The European Banking Authority (EBA) has launched another consultation around implementing the Travel Rule for anti money laundering (AML) relating to crypto-asset transfers. A consultation in June was around the due diligence required on counterparties. Today’s consultation is about what data should be communicated, and the steps service providers should take if the data is not available.
Four new pieces of EU legislation were passed on anti money laundering earlier this year. Together they bring the activities of crypto-asset service providers (CASPs) into scope and require them to include information about the sender and beneficiary. As previously reported the legislation has no de minimis. So the travel rule applies to a ten cent transfer.
AML and self hosted wallets
One of the more topical aspects is the treatment of self hosted wallets. According to the legislation, P2P transfers between self hosted wallets are out of the scope of the travel rule because there’s no CASP involved.
If a CASP is involved in a transaction with a self hosted wallet, they have to comply with the travel rule if the transfer is over €1,000. The previous EBA consultation highlighted that usually enhanced due diligence has to be performed on the self hosted wallet. In case you wondered, that’s far more than asking you to verify your identity.
Today’s consultation outlines how the CASP should verify the owner of the self hosted wallet is the sender or receiver. They have to perform at least two of these steps:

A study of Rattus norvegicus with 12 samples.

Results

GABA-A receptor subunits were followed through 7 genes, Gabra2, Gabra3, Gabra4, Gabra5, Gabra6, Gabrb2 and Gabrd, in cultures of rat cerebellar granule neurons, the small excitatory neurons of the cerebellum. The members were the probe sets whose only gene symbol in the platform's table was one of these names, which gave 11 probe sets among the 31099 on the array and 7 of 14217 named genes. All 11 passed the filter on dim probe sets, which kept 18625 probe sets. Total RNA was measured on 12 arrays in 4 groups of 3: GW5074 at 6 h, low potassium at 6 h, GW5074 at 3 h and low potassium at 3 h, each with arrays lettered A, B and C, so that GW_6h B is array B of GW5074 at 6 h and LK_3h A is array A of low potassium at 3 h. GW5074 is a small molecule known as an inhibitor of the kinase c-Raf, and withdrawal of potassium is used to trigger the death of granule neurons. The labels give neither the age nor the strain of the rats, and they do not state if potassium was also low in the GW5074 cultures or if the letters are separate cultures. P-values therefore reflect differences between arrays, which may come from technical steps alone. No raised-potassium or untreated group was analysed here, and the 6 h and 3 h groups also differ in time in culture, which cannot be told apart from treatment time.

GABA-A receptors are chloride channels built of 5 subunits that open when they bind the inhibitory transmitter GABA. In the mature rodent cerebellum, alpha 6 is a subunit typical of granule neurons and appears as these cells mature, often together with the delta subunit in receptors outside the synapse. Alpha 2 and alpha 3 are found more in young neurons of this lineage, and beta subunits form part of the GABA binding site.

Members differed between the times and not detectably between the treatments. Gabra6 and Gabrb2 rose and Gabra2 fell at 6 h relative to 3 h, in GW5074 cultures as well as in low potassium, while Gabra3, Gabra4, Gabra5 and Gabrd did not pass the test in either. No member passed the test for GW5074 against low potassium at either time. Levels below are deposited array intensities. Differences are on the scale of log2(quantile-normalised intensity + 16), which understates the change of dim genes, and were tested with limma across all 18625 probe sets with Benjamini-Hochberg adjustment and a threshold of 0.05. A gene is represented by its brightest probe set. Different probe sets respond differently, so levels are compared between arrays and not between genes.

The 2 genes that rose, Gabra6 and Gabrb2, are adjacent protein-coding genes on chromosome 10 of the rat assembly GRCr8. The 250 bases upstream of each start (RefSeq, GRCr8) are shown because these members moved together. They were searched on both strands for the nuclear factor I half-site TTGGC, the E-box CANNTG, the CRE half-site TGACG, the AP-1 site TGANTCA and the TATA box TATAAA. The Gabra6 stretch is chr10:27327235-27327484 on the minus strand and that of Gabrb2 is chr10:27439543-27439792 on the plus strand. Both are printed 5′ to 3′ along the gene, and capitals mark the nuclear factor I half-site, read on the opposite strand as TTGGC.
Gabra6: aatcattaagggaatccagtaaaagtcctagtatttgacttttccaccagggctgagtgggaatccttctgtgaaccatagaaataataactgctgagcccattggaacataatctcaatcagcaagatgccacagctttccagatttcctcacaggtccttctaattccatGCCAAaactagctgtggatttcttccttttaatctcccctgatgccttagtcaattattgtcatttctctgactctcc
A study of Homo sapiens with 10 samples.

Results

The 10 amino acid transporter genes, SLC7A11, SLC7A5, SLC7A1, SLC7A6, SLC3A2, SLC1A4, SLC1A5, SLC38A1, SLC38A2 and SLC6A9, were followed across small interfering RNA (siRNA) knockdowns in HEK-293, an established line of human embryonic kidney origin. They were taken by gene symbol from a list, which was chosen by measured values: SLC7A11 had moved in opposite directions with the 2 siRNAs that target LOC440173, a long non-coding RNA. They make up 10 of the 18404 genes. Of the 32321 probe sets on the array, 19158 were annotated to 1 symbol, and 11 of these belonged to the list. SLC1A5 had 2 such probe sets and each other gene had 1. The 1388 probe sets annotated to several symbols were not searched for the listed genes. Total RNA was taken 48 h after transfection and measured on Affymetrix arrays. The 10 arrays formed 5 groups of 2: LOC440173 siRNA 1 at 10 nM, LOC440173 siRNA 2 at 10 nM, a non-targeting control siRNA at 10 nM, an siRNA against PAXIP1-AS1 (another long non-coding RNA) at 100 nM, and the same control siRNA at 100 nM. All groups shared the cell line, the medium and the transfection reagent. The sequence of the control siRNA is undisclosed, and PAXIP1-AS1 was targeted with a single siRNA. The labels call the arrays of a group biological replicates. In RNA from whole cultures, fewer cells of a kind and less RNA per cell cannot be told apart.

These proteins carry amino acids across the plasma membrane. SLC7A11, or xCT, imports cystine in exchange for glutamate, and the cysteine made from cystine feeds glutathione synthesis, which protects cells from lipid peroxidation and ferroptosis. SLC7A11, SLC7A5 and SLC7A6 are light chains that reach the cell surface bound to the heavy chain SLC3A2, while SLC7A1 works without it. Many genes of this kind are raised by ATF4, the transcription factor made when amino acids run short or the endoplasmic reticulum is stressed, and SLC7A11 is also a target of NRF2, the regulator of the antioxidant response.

- advanced analytical tools
- unattended verifications such as a live photo with some way of proving it is current
- verification of identity in person
- sending of a predefined amount from and to the self-hosted address
- signing of a message in the account and wallet software, which can be done through the key associated with the transfer
- requesting the customer to digitally sign a specific message into the account and wallet software with the key corresponding to that address
- other suitable technical means as long as they allow for reliable and secure assessment and the CASP is fully satisfied that it knows who owns or controls the address.
If two steps are not enough to prove ownership, they have to take additional steps.
The consultation is open until January 3.